Here is a passage from a traditional Aristasian epic poem, dating from the days of the Cairen Empire. It is, of course, a Westrenne translation (note that “deer” doesn’t mean “deer” in the usual sense, but any animal, as with the German Tier).

Darken the Sun? O, my Lady, thy jesting words chill me,
For they may hold a truth far more dreadful and dark than you deem.
Three moons agone, with my maidens, I rode in the forest,
In the depth of the forest where maiden hath scarcely set foot;
And the beasts of the wood, as we rode scurried forth from our presence,
Scurried forth like to creatures that feared we should do them some hurt.
And our hearts did wax heavy to feel that these deer did not trust us,
And our will was to question them; learn what had taught them this fear-
Yet no creature would stay near our stead nor abide inquisition,
But each made away at the sound of our furthest approach;
And she that had young that did play in the dappling sunflood
Did call them unto her and hurry them swift from our sight.
Even as she, who on meeting a friend in the courtyard,
Doth offer her greeting, in reverence pressing her palms,
But to see her once-friend, like a sightless maid, gaze ever forward
And draw in her robe as the friend of her childhood comes nigh;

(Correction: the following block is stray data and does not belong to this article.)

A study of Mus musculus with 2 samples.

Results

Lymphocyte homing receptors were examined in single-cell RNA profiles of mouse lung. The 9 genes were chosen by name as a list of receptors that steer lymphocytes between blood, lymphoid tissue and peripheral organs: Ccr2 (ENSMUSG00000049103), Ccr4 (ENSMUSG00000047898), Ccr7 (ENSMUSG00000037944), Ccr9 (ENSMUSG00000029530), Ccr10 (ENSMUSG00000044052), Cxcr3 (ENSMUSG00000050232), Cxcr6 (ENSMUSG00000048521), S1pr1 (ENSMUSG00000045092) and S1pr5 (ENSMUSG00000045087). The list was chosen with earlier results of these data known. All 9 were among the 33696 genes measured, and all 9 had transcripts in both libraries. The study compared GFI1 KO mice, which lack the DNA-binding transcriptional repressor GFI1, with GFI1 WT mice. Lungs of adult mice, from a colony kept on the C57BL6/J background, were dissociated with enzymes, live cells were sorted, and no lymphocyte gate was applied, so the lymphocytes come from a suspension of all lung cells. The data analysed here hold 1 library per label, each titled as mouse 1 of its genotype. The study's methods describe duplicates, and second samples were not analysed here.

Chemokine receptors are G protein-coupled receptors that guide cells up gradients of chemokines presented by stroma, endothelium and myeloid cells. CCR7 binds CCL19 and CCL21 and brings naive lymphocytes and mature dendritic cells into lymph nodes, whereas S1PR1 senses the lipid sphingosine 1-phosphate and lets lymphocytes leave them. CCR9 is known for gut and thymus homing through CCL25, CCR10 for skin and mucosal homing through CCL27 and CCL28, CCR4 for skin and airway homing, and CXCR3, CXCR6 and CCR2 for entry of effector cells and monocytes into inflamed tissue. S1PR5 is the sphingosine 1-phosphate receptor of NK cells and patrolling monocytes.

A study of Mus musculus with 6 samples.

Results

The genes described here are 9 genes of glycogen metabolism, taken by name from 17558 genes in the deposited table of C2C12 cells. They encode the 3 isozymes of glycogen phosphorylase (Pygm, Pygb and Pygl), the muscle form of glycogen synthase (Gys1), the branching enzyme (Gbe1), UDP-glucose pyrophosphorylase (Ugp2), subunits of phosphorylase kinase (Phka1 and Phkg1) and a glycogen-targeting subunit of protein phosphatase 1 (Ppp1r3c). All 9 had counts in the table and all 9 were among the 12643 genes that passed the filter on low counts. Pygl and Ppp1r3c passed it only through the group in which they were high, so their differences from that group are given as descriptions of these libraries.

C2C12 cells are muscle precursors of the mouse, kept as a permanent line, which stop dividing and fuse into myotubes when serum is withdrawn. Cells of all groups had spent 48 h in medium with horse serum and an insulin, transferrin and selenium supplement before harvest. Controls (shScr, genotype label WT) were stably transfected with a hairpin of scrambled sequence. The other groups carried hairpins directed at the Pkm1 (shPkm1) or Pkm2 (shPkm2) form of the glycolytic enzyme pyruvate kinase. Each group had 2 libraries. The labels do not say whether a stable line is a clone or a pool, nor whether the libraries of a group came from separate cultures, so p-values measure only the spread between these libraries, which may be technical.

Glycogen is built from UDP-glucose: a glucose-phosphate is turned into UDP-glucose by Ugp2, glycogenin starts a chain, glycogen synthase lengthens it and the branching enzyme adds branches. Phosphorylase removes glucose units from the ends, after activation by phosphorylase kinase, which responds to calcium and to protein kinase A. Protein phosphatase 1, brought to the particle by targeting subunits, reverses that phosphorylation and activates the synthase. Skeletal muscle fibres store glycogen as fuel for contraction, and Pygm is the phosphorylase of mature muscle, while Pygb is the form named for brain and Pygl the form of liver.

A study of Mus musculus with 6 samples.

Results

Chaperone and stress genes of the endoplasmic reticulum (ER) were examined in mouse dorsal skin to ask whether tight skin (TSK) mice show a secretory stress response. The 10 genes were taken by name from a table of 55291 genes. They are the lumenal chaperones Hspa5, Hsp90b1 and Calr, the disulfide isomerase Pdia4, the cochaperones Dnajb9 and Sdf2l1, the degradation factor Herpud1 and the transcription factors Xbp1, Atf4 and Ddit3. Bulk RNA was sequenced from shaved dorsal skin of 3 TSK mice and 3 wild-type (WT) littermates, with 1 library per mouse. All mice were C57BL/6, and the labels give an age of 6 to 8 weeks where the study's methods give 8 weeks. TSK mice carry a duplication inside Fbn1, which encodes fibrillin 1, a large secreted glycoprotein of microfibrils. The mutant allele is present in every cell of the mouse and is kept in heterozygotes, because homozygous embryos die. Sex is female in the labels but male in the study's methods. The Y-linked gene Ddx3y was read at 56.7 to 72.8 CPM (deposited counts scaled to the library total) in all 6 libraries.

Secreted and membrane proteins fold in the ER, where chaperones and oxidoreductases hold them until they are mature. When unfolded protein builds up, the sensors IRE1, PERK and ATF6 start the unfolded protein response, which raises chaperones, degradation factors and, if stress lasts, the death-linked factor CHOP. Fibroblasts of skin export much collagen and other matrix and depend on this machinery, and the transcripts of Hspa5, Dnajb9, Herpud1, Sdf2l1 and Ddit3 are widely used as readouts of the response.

Even thus in the wood were our gentle hearts smitten within us
As our sweet lesser sisters of earth did eschew our approach.
Here was a problem, it seemed, that defied resolution,
For the problem itself forbade asking of those that might tell.
Then, as perplexity troubled our hearts to the deepest,
We came to a place where a beast stood athwart of our path.
Great was the beast, clad in gold, like a Rayin of the forest,
Gold was her hair that fell over her head, like a maid’s,
Full mighty was she, and her voice was like that of the thunder
And wroth did she seem as she raisèd that voice to the sky.
Never before, as I wand’red abroad in the forest,
Never before hath the greatest deer off’red me hurt.
Now as I sate saddled high on my milken-white palfrey,
My mount took a fear, and I own, as a blonde, thus did I.
Yet neither did move, for in both of us flows a blood royal,
And Marenkhe, our dark-hair’d companion, did ride to the fore.


A note from your Editrix: To appreciate the scansion of this traditional Aristasian blank verse, you must understand that each line carries five stresses: so, in the first line quoted here, the first stress falls on the first syllable: “DARKen the SUN”, but in the second line it falls on the third syllable: “For they MAY hold a TRUTH”. Be aware of this stress-pattern and you will quickly pick up the music of the verse. Note also the alternation of blonde and brunette line-endings (in a blonde line-ending the final stress falls on the penultimate syllable, in a brunette line ending it falls on the last syllable).